The reward/penalty mechanism in Proof of Stake is designed to encourage validators to vote and deter validators from misbehaving. It prevents honest validators from being framed and ensures that validators who engage in malicious behavior (e.g., wrong voting) are detectable and gain punishments. However, under our attack, we found that this mechanism in state-of-the-art implementations is not functioned well, where an attacker has a high probability of preventing honest validators from receiving rewards or even being punished. This may lead to potential security issues, as an honest validator may leave the ecosystem due to unfair treatment or no profit.
Overview Under the design of current implementations (e.g., in the case of Prysm), a validator modifies the justification state upon receipt of a block from the preceding epoch (see Prysm Code). In our attack, an attacker uses this update mechanism to deceive honest validators, causing them to transition from one chain to another, and further make those who cast their votes prior be considered to have made incorrect votes, resulting in penalties.
Assumptions We assume that more than 2/3 validators are honest actors who will act in the best interest of the network. It means adversaries can, at most, control 1/3 of validators. We also assume that our attack works under the partially synchronous network model. The attack begins from a situation where epoch i just ended and all validators now reach Global Stabilization Time (GST).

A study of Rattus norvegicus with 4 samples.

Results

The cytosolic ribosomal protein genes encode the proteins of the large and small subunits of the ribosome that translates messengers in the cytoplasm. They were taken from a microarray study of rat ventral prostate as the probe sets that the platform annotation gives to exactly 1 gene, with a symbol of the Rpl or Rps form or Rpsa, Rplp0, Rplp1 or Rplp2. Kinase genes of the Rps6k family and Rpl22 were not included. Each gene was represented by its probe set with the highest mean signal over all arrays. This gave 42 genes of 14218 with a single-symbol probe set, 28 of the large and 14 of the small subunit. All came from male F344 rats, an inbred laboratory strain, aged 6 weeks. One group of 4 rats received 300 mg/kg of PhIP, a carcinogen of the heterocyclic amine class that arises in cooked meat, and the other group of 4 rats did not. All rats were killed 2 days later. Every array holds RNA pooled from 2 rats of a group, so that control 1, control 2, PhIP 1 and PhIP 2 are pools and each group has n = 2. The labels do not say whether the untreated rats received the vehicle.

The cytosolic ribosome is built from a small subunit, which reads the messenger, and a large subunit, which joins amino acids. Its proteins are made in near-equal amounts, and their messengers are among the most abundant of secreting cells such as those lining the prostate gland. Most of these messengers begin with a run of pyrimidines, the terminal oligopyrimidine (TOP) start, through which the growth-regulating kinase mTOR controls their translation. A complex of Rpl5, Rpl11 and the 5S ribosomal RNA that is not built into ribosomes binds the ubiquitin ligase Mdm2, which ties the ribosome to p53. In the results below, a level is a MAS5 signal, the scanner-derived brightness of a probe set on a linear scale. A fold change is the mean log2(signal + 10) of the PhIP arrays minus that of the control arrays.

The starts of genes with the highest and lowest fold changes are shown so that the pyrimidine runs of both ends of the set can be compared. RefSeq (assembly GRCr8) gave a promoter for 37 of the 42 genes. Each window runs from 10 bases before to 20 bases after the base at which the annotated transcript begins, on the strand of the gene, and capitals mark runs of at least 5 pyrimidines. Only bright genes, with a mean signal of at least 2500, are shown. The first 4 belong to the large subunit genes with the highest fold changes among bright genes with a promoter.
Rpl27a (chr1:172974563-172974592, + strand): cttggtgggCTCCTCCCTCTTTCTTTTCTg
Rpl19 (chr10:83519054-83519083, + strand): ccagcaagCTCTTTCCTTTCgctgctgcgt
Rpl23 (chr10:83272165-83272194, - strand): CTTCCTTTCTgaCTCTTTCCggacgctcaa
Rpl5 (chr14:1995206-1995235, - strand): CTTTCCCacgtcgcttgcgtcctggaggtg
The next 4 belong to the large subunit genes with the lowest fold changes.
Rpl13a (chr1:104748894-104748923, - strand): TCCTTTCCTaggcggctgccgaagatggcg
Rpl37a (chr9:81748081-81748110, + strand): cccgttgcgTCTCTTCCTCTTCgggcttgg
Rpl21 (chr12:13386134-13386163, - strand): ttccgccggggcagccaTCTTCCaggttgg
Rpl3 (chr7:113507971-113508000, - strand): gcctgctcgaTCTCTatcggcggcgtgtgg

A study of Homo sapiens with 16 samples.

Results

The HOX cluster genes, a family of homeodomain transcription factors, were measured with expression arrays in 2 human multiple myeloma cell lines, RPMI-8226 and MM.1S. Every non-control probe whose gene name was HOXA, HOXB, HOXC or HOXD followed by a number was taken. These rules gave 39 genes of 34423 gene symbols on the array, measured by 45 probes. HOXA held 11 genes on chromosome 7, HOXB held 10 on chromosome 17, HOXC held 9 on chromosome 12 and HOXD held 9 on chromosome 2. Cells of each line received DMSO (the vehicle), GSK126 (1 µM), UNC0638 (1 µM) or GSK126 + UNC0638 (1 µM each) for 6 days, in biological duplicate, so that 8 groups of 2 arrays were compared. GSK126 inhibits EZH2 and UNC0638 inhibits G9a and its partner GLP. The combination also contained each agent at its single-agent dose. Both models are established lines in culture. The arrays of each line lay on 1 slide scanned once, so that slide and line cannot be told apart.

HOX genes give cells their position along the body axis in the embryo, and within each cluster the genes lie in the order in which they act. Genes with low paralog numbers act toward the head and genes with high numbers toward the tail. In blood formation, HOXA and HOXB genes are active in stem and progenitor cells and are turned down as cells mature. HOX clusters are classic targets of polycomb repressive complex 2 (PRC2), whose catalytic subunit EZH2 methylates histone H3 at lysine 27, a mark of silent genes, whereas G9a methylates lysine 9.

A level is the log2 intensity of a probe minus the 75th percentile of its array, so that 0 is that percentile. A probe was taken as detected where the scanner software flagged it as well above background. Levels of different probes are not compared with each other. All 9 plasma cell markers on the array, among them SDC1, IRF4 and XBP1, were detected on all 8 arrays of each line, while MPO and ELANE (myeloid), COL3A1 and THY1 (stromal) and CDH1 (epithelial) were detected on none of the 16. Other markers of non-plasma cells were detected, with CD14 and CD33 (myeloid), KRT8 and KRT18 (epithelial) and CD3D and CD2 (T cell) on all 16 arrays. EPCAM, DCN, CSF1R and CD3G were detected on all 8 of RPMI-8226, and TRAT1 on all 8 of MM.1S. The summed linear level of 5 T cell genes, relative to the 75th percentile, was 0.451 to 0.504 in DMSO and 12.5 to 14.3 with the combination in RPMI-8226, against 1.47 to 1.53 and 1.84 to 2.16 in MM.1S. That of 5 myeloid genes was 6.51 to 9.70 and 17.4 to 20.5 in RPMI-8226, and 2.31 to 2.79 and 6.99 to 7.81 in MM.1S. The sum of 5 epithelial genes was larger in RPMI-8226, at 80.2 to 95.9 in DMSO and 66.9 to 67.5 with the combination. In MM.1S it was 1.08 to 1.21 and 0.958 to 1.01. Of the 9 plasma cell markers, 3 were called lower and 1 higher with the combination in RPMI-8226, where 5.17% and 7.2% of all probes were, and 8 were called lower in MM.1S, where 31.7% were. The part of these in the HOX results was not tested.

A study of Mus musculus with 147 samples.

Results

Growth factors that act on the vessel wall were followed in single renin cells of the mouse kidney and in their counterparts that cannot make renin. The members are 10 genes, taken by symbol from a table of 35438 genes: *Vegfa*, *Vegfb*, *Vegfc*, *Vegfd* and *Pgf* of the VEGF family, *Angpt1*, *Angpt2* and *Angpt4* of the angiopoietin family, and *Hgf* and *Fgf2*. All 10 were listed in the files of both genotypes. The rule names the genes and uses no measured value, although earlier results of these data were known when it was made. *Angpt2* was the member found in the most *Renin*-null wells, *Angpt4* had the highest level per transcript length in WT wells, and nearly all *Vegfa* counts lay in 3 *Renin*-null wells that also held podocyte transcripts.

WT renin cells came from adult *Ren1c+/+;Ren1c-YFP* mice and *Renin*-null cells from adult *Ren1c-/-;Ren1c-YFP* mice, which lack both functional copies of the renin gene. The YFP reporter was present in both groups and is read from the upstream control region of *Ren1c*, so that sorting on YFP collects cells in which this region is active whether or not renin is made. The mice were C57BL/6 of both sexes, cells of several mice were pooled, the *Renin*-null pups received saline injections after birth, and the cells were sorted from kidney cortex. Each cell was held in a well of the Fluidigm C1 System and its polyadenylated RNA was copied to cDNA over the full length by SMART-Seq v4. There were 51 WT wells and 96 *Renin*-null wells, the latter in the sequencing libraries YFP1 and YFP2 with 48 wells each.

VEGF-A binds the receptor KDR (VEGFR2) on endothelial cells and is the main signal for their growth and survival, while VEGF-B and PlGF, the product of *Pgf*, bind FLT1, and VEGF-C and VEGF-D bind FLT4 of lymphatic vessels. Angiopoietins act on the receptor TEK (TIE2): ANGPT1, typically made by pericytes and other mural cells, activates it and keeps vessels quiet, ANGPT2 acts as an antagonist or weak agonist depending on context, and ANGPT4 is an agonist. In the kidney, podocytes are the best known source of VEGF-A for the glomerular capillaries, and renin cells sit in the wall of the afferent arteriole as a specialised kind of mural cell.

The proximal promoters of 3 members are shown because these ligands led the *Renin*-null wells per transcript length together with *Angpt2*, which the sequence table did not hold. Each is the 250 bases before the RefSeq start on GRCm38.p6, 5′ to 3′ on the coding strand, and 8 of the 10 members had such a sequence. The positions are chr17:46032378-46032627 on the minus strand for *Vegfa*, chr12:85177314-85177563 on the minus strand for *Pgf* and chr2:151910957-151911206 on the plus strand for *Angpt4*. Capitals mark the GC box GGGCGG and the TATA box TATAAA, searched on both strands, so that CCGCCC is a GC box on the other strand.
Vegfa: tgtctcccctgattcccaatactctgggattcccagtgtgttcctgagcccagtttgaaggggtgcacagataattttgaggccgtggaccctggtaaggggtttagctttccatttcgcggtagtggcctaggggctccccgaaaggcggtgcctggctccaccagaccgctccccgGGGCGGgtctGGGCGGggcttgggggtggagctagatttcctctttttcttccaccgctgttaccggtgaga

How to launch our attack? Initially, our attack requests the justification of epoch i is delayed due to the adversary withholds some votes in epoch i. The key point of attack is described as follows.
- At first, the adversary withholds a block (dashed reddish square) in epoch i containing enough votes to justify checkpoint in epoch i. Once all validators now reach GST at the end of epoch i, chain A is considered the canonical chain for all validators.
- In epoch i+1, the victim validator proposes on chain A.
- Then, the adversary block (with the hidden votes) controlled by the attack is released. This triggers the update of justification to change the candidate chain for chain A to chain B.
- After that, the victim validators who vote with checkpoint on chain A as target are punished.
We present out our attack against the Ethereum Proof-of-Stake. The begin from a situation where epoch i just ended and all validators now reach GST. The justification of epoch i is delayed since the adversary withholds some votes in epoch i. And chain A is consideration of the canonical chain for all validators.
- At first, the adversary also withholds a block in epoch i containing enough votes to justify checkpoint in epoch i.
- In epoch i+1, adversary propose blocks and cast votes on chain B whereas honest validators do so on chain A.
- Then, the adversary block (with the hidden votes) is released at the moment when half of the honest validators have already cast their vote for chain A. This adversary block triggers the update of justification to change the rest of honest validator view of the candidate chain from chain A to chain B.
- Lastly, the adversary withholds some votes in the last few slots of epoch i+1.
- Repeat the process.
|54\cdot base\_reward||40\cdot base\_reward|
As the attacks are continuously launched, some validators may incur more penalties than rewards. This significantly discourages the validators from participating in the staking process, eventually leading to their withdrawal from the system.
The penalty rule right now is too strict in partial synchronous network. Considering that slashing conditions and inactivity leak have already played their roles in maintaining safety and liveness, it is suggested that a checkpoint vote with mismatched target or source should not result in penalties for the validators.